Aug. 6 (UPI) -- After a halt due to militant attacks, oil shipments through a Red Sea strait near the coast of Yemen resumed during the weekend, Saudi Aramco announced.
In a statement Saturday, the Saudi Arabian Oil Co. announced oil was moving again through the Bab-el-Mandeb Strait.
"The company will continue to monitor the situation and remain ready to take necessary actions in efforts to constantly ensure the safety and reliability of supply to its customers through its wide network which has the flexibility to export oil through multiple ports," the announcement read.
Saudi Arabia announced a temporary halt to oil shipments through the waterway on July 25 after two of its crude oil carriers were attacked by the Houthi militia in Yemen.
According to the U.S. Energy Information Administration, the narrow waterway connecting the Red Sea to the Gulf of Aden is the third busiest oil transit route behind the Straits of Hormuz near Iran and the Strait of Malacca near Malaysia, respectively.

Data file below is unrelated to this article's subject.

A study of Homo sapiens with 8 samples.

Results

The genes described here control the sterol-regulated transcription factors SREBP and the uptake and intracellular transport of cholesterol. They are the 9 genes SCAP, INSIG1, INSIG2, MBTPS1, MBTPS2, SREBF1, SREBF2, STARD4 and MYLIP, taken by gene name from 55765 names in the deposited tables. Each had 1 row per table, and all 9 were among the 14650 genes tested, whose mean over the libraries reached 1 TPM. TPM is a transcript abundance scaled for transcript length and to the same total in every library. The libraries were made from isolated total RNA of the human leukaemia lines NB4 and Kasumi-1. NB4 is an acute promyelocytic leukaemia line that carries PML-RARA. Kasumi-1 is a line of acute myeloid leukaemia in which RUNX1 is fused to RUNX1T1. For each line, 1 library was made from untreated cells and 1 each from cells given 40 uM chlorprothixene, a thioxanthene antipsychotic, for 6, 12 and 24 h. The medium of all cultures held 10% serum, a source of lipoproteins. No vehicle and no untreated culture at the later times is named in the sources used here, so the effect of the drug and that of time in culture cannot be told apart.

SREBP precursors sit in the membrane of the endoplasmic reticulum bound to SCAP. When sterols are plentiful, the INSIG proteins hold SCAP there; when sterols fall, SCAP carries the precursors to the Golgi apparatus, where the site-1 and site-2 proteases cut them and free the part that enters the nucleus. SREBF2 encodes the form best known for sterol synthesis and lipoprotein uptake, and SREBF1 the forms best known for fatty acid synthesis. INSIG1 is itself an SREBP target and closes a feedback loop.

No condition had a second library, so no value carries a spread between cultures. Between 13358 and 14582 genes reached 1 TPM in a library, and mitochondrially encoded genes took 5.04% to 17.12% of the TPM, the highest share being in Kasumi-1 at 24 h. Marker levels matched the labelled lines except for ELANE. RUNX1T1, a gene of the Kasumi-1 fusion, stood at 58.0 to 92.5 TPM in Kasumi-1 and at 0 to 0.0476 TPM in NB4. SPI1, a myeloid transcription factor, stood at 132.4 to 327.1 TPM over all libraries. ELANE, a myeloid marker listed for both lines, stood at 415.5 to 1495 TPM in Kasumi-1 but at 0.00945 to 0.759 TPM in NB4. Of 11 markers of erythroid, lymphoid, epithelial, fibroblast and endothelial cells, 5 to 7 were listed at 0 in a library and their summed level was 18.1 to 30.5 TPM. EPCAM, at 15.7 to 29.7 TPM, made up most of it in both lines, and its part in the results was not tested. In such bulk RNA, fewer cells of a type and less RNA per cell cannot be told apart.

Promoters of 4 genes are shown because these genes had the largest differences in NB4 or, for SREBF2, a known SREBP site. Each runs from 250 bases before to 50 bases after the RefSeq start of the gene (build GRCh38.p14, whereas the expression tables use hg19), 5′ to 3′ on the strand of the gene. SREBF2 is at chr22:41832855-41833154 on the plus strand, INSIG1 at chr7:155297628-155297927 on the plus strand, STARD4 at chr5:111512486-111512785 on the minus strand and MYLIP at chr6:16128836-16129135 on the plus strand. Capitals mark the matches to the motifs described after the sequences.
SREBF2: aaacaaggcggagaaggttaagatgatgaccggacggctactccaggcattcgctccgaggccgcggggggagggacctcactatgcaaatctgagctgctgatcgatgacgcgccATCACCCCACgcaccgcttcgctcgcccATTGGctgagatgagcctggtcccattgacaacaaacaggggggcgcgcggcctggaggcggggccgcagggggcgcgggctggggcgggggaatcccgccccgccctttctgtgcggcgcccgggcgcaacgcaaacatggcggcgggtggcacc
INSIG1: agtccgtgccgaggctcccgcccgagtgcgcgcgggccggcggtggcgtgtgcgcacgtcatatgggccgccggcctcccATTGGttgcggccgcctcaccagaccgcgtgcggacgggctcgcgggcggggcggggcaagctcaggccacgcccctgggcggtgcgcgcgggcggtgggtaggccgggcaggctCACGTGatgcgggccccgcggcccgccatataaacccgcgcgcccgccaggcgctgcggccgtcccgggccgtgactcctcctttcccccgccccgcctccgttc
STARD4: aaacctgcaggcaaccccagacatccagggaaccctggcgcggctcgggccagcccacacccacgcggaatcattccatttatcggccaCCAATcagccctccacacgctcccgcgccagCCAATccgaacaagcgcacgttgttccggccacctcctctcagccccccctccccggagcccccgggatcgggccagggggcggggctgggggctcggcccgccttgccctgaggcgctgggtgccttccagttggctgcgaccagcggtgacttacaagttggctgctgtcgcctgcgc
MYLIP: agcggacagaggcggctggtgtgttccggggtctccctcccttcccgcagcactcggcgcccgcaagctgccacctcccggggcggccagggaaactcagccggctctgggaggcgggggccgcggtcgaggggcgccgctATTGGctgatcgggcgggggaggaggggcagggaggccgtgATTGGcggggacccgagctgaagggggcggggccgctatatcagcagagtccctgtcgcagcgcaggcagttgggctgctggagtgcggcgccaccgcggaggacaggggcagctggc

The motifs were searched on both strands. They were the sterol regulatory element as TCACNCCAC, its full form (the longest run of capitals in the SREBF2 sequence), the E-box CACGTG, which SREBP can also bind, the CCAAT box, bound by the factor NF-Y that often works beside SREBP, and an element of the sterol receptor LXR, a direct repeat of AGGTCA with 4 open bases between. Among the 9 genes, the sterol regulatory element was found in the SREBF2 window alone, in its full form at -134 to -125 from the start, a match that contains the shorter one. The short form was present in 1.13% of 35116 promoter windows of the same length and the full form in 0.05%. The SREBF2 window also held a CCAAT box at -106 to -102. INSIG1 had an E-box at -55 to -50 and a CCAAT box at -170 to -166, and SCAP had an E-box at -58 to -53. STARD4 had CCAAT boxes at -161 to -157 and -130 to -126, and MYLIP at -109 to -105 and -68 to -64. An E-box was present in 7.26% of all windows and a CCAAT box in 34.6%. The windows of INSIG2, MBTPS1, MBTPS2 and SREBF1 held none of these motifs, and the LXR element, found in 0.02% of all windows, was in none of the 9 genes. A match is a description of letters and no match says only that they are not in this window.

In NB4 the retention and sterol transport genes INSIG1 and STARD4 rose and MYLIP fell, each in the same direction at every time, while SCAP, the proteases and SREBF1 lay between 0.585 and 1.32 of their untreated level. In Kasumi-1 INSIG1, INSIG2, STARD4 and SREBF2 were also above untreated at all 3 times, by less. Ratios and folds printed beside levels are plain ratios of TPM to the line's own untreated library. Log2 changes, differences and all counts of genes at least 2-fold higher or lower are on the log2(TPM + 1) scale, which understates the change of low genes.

Bab-el-Mandeb is an at-risk route in the region because of its narrow shipping channel and position near a volatile Yemen. Because of the increase in oil exports from regional members of the Organization of Petroleum Countries to Europe, trade through the waterway has been on the rise.
Three years ago, however, EIA warned that instability in the region could keep tankers out of the region and forced to take the longer route around the Horn of Africa to avoid conflict.
Northbound shipments through the strait heads through the Suez Canal or the Suez-Mediterranean , or Sumed, pipeline.
The July attacks targeted two tankers operated by Saudi Arabia designed to carry two million barrels of oil each. No injuries are spills were reported.